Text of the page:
HONG KONG -- Cramped condominiums are increasingly hot properties in Hong Kong, prompting pundits to sound the alarm about an overheating real estate market.
Large apartments, not to mention single-family homes, are beyond the reach of many in the city, where 7.2 million people reside in an area half the size of Tokyo. But condo buyers are showing a willingness to compromise on space, and major developers are moving to cash in.
Cheung Kong Holdings has drawn attention with its Mont Vert condominium. The smallest studio starts at 1.77 million Hong Kong dollars ($232,861), exceptionally low for the local market. The catch: It measures 16 sq. meters. When the company announced the project, a Hong Kong newspaper compared the studio to a typical solitary-confinement prison cell, which measures 7.4 sq. meters.
Mont Vert sits in a suburb not far from mainland China, a 30- to 40-minute train ride from the heart of Hong Kong. Besides the size factor, the project has been somewhat controversial because of a Cheung Kong policy that prospective buyers cannot view the units before signing. The company says it instituted the policy for clients' safety, to avoid having them enter a construction site. Some allege the real reason is that there is a grave site nearby -- a potential disincentive for superstitious customers.
Nevertheless, Cheung Kong officials said there has been a steady stream of inquiries and the company remains bullish about the project.
Meanwhile, Chinese Estates Holdings in early September launched sales of a condominium on Hong Kong Island and secured buyers for 90% of the units on day one. The flats measure 19 sq. meters to 25 sq. meters.
Henderson Land Development put 15-sq.-meter condos on sale in late October.
And Sun Hung Kai Properties planned to sell large condos in northern Hong Kong but decided to break them down into 4,000 smaller ones.
The government's index for private-sector housing prices testifies to the popularity of small apartments.
In August, the most recent month with available data, the index hit 260, with 1999 used as a baseline of 100. Look at only condos of less than 40 sq. meters and the index comes to 283; for the 40- to 160-sq.-meter range it registers at 240 to 250.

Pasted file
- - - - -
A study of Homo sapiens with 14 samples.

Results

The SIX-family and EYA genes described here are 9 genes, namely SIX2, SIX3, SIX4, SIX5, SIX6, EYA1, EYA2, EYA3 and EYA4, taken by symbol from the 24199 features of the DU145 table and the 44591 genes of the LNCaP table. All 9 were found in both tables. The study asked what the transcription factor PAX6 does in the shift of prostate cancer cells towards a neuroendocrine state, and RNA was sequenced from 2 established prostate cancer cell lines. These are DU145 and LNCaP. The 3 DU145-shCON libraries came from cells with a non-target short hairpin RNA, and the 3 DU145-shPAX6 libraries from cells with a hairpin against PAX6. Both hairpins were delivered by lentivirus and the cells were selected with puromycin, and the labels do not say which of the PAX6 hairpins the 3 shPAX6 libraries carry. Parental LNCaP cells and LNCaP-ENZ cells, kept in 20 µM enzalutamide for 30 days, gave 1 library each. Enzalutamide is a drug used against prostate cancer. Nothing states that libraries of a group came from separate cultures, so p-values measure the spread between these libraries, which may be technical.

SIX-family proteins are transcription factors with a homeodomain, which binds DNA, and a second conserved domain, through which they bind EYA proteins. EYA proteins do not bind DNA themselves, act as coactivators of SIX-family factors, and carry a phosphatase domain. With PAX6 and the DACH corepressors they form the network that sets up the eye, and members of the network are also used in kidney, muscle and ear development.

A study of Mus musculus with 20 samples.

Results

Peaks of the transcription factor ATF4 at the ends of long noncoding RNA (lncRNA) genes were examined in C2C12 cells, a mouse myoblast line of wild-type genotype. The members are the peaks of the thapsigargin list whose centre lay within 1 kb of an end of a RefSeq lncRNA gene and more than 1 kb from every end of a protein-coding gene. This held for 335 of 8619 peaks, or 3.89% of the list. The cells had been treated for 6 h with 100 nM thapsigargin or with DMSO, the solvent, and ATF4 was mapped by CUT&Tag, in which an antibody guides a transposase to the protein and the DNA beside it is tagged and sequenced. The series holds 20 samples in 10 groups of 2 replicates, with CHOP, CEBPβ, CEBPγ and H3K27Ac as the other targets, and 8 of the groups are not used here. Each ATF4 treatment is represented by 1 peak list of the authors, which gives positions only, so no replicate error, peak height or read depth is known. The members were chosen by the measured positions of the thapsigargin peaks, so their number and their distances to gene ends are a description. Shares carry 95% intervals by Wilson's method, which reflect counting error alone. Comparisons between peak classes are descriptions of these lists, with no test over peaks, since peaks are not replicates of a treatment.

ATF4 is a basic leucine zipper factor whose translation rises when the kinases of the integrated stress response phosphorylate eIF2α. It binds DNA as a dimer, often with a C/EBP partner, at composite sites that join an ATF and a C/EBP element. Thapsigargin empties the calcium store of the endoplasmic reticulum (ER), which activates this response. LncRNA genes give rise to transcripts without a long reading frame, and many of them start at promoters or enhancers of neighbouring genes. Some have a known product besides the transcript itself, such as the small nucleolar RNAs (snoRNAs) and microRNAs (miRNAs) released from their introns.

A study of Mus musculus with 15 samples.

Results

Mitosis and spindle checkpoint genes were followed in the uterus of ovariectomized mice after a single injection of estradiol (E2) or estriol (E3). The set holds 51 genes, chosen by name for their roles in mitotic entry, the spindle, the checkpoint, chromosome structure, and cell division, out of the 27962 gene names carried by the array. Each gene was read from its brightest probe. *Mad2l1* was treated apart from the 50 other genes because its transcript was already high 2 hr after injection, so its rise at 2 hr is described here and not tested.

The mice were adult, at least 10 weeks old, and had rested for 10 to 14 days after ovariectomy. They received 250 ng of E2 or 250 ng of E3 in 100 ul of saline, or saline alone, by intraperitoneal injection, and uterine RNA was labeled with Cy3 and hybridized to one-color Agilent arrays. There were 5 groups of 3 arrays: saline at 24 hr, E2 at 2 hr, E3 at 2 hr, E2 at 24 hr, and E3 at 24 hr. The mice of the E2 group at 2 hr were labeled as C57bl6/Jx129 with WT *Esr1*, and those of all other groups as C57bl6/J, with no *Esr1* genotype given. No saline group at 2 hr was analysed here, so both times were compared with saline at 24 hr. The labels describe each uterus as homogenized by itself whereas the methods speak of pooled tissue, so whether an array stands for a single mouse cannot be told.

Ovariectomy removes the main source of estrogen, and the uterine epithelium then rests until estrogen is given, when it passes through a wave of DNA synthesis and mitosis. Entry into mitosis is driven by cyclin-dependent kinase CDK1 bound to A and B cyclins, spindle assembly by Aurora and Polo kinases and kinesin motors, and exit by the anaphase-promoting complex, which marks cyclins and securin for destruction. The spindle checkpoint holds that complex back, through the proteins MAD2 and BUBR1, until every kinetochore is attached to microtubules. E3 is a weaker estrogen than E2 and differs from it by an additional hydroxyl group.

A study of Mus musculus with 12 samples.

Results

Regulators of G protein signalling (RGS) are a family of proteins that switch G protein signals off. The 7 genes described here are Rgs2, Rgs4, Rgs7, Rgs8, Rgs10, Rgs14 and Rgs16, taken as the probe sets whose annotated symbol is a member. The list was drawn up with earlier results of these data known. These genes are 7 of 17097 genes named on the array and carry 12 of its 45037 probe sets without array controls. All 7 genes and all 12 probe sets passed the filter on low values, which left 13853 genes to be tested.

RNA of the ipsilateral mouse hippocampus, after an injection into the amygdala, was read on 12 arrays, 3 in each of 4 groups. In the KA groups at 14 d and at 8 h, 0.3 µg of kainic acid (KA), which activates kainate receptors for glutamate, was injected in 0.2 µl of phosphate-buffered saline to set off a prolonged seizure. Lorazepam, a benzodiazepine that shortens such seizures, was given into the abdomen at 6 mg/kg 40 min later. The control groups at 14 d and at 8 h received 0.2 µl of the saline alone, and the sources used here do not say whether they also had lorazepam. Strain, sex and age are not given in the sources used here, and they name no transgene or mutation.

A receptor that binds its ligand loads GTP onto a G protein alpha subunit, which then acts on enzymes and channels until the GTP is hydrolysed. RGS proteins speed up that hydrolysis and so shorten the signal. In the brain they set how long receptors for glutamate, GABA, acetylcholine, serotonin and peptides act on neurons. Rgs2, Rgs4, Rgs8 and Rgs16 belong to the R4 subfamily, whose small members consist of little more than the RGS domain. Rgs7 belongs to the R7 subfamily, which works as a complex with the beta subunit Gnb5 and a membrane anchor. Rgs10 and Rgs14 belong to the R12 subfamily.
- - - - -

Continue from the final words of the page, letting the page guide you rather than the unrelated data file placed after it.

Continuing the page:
Flats of less than 40 sq. meters have logged the steepest price increases since the beginning of the year. New highs were set in the four months through August.
Much of the activity stems from speculation. Investors, fed up with prolonged low interest rates, are treating small condos as readily accessible investment tools. Chinese Estates said 80% to 90% of its small flats have been purchased for that purpose.
A senior official at Midland Realty, a leading real estate agency, said investors account for more than 50% of buyers of small flats over the past several months. Up until the middle of last year, the ratio was around 10%.
Watch the rates
Some experts worry all of this could spell trouble, since monetary policy in Hong Kong tends to mirror that in the U.S.
The U.S. Federal Reserve ended quantitative easing last month and is widely expected to carry out an interest rate increase in the middle of next year. Tao Dong, a Hong Kong-based economist at Credit Suisse, said mortgage rates in the city are highly likely to rise by 1 percentage point to 1.5 percentage points by the end of 2015, and another 0.5 of a point in 2016.
Each 1-point hike raises homebuyers' average monthly loan payments by HK$1,600. As a result, individuals with limited financial leeway would have to retreat from investment in small condos, Tao said.
While the property market may be approaching a turning point, developers are aiming to make the most of the small-condo craze while it lasts. Cheung Kong was scheduled to release an additional 33 Mont Vert units on Friday, reportedly at 19%-higher prices than the average for the previous sale.